U.S. Markets closed

What Investors Should Know About Autoliv Inc’s (NYSE:ALV) Financial Strength

Kristin Rankin

Mid-caps stocks, like Autoliv Inc (NYSE:ALV) with a market capitalization of US$8.13b, aren’t the focus of most investors who prefer to direct their investments towards either large-cap or small-cap stocks. Surprisingly though, when accounted for risk, mid-caps have delivered better returns compared to the two other categories of stocks. Today we will look at ALV’s financial liquidity and debt levels, which are strong indicators for whether the company can weather economic downturns or fund strategic acquisitions for future growth. Remember this is a very top-level look that focuses exclusively on financial health, so I recommend a deeper analysis into ALV here.

Check out our latest analysis for Autoliv

How does ALV’s operating cash flow stack up against its debt?

Over the past year, ALV has ramped up its debt from US$1.51b to US$2.28b – this includes both the current and long-term debt. With this growth in debt, ALV’s cash and short-term investments stands at US$507.5m for investing into the business. On top of this, ALV has generated US$670.3m in operating cash flow over the same time period, resulting in an operating cash to total debt ratio of 29.4%, indicating that ALV’s current level of operating cash is high enough to cover debt. This ratio can also be interpreted as a measure of efficiency as an alternative to return on assets. In ALV’s case, it is able to generate 0.29x cash from its debt capital.

Can ALV pay its short-term liabilities?

At the current liabilities level of US$2.75b liabilities, it appears that the company has maintained a safe level of current assets to meet its obligations, with the current ratio last standing at 1.23x. Generally, for Auto Components companies, this is a reasonable ratio as there’s enough of a cash buffer without holding too capital in low return investments.

NYSE:ALV Historical Debt September 23rd 18

Does ALV face the risk of succumbing to its debt-load?

Since total debt levels have outpaced equities, ALV is a highly leveraged company. This is not unusual for mid-caps as debt tends to be a cheaper and faster source of funding for some businesses. We can check to see whether ALV is able to meet its debt obligations by looking at the net interest coverage ratio. A company generating earnings before interest and tax (EBIT) at least three times its net interest payments is considered financially sound. In ALV’s, case, the ratio of 17.69x suggests that interest is comfortably covered, which means that lenders may be less hesitant to lend out more funding as ALV’s high interest coverage is seen as responsible and safe practice.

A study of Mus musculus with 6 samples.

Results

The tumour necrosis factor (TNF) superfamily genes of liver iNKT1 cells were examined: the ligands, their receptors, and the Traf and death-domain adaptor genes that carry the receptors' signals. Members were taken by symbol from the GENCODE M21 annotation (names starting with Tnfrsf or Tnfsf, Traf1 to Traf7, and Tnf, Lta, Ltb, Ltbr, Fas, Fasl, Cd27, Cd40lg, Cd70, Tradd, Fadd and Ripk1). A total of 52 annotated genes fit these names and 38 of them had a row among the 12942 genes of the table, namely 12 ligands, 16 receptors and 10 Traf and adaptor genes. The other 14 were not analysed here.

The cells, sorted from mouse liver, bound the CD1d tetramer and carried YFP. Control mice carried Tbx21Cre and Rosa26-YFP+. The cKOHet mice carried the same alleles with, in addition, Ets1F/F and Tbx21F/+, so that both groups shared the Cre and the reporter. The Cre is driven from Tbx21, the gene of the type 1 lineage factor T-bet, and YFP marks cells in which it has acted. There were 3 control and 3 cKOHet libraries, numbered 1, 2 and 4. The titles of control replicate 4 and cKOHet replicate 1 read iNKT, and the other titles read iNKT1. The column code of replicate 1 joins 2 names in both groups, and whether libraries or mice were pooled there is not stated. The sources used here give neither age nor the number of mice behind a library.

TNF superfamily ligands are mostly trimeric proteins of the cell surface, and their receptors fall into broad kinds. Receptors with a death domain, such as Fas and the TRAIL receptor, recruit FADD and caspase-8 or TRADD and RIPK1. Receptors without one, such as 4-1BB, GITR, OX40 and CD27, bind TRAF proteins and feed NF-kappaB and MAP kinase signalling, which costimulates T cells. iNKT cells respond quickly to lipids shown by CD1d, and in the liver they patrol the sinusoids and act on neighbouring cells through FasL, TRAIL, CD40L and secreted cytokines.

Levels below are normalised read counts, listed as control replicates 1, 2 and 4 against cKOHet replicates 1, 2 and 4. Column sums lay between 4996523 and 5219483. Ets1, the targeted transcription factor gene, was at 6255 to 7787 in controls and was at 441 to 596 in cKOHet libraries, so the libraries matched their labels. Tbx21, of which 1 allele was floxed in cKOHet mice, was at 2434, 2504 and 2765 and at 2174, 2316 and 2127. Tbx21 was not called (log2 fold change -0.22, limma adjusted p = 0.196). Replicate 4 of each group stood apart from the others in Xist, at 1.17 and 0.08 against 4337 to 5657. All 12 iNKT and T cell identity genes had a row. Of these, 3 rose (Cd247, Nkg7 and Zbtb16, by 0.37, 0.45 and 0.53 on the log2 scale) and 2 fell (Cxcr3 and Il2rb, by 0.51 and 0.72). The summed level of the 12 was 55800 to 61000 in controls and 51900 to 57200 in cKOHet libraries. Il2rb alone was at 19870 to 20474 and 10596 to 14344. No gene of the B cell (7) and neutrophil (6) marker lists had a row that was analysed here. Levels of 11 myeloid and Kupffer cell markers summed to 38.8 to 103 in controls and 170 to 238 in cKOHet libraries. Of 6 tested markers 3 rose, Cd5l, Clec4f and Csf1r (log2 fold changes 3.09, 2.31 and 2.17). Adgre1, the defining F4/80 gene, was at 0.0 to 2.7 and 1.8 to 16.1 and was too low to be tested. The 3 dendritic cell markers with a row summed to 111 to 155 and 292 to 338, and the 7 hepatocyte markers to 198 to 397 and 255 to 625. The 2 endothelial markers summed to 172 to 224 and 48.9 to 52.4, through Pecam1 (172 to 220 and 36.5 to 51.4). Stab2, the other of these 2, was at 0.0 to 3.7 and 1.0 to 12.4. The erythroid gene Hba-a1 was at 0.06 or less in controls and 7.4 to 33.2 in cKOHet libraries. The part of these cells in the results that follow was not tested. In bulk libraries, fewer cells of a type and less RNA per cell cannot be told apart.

Next Steps:

ALV’s high cash coverage means that, although its debt levels are high, the company is able to utilise its borrowings efficiently in order to generate cash flow. This may mean this is an optimal capital structure for the business, given that it is also meeting its short-term commitment. Keep in mind I haven’t considered other factors such as how ALV has been performing in the past. I suggest you continue to research Autoliv to get a more holistic view of the mid-cap by looking at:

  1. Future Outlook: What are well-informed industry analysts predicting for ALV’s future growth? Take a look at our free research report of analyst consensus for ALV’s outlook.
  2. Valuation: What is ALV worth today? Is the stock undervalued, even when its growth outlook is factored into its intrinsic value? The intrinsic value infographic in our free research report helps visualize whether ALV is currently mispriced by the market.
  3. Other High-Performing Stocks: Are there other stocks that provide better prospects with proven track records? Explore our free list of these great stocks here.

To help readers see past the short term volatility of the financial market, we aim to bring you a long-term focused research analysis purely driven by fundamental data. Note that our analysis does not factor in the latest price-sensitive company announcements.

The author is an independent contributor and at the time of publication had no position in the stocks mentioned. For errors that warrant correction please contact the editor at editorial-team@simplywallst.com.